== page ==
Progress is kinda slow at this point, and I'm focusing more on the Math implementation now as well as a scripting language for the Engine.

The reason I'm focusing on the Math is mainly to release dependencies from stuff like DXMatrix's, or Glut Matrix's because I have learned from a fellow friend that it is good practice to use your own Math types like Vectors, Matrix's, etc instead of using the ones provided by OpenGL, and Direct X.

This way It's not only possible to port between OpenGL and Direct X, but you can also do a lot of code optimizations by actually doing some of the frequently used Math in Assembly.

At the moment I'm focusing more on Direct X, but as the engine progresses farther I will definitely include the option to switch between a DX and OpenGL renderer seamlessly

I am not the only one coding this Engine. My good friend Renato is developing the scripting system for the engine, and my friend Shawn is helping us get through without any hitch.

Ill be posting code snippets from time to time.

Anyways, Thanks for reading!

Goodluck and welcome to JL!


See..your compiler can only make a few assumptions about your C/C++ code, and at times it may put out crappy assembly code, which of course leaves room for you to make optimizations. Again, I learned this from my friend Shawn.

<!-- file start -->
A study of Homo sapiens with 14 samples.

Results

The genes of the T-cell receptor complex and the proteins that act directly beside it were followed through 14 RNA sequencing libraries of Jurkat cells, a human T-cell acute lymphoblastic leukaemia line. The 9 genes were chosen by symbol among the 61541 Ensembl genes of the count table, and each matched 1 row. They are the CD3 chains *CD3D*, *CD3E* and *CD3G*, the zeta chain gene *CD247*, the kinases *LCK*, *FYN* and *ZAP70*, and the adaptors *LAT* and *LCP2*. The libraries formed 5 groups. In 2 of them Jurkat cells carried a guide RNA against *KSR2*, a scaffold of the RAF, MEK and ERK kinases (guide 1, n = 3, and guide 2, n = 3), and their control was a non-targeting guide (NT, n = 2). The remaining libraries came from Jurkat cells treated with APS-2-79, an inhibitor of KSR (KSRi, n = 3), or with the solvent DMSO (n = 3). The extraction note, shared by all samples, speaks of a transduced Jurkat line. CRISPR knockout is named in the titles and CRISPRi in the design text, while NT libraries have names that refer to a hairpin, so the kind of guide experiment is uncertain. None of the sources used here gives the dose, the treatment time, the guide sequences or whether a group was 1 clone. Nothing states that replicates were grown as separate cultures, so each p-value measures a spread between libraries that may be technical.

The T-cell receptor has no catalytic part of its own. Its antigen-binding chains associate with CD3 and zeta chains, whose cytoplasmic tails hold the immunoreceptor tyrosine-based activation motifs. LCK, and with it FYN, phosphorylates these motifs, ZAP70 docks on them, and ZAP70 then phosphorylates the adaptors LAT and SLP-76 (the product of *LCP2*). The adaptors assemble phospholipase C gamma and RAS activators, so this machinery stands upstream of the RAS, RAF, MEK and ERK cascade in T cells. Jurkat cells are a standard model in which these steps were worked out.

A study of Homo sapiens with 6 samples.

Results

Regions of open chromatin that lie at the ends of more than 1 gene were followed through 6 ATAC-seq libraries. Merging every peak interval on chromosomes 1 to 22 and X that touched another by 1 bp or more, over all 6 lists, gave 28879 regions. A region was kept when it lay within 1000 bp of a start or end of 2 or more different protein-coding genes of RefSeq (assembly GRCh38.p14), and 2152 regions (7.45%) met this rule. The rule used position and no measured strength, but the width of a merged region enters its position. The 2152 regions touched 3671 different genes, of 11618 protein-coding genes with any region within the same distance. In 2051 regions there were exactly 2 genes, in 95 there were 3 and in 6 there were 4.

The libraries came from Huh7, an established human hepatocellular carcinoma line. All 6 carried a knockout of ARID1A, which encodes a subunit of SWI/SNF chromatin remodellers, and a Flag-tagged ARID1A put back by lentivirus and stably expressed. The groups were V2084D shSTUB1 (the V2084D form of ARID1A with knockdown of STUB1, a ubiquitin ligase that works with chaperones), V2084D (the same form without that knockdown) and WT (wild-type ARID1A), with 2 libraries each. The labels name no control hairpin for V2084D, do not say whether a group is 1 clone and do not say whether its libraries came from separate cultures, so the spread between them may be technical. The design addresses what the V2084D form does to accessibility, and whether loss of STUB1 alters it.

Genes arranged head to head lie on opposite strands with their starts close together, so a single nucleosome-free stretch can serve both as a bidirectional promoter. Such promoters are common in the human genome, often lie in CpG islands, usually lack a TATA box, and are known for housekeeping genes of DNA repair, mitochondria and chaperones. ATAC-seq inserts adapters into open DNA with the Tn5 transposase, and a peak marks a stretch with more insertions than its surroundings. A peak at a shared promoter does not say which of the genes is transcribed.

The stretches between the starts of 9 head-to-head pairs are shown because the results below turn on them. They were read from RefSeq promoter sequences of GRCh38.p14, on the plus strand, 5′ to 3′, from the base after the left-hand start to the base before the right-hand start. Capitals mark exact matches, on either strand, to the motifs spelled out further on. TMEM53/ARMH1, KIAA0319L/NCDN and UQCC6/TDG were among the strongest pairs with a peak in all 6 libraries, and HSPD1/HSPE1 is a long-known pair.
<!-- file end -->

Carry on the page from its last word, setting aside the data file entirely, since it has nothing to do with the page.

Pickup an assembly book sometime.


Are your math operations actually creating a bottleneck? Unless you've profiled and discovered that they're actually impacting performance it's generally better to leave optimisation till later; get something that works well and is clear and easy to understand in place first, then profile and optimise the bottlenecks if things aren't running fast enough. It's also a valid point that a modern optimising compiler is very good at producing optimal code - if you're going for hand written ASM I'd give it a run through a profiler to make sure it is indeed running faster.

That being said, it's a great learning experience to implement some functionality in ASM, and if you're still making reasonable progress and don't mind the increased development time there isn't much reason not to do it.

Since you're focussing on DirectX I assume your engine is for Windows? Any plans to port to other platforms or make additional efforts to write cross-platform code?


Since alot of the calculations will be independent from DirectX, and OpenGL porting should be relatively easy anyways.

I know pre-optimization is bad, and Im steering clear of it. Im acctualy getting most of the other crap done like input, sound, ect. I have a temporary Math class to work with until it comes time to optimize things.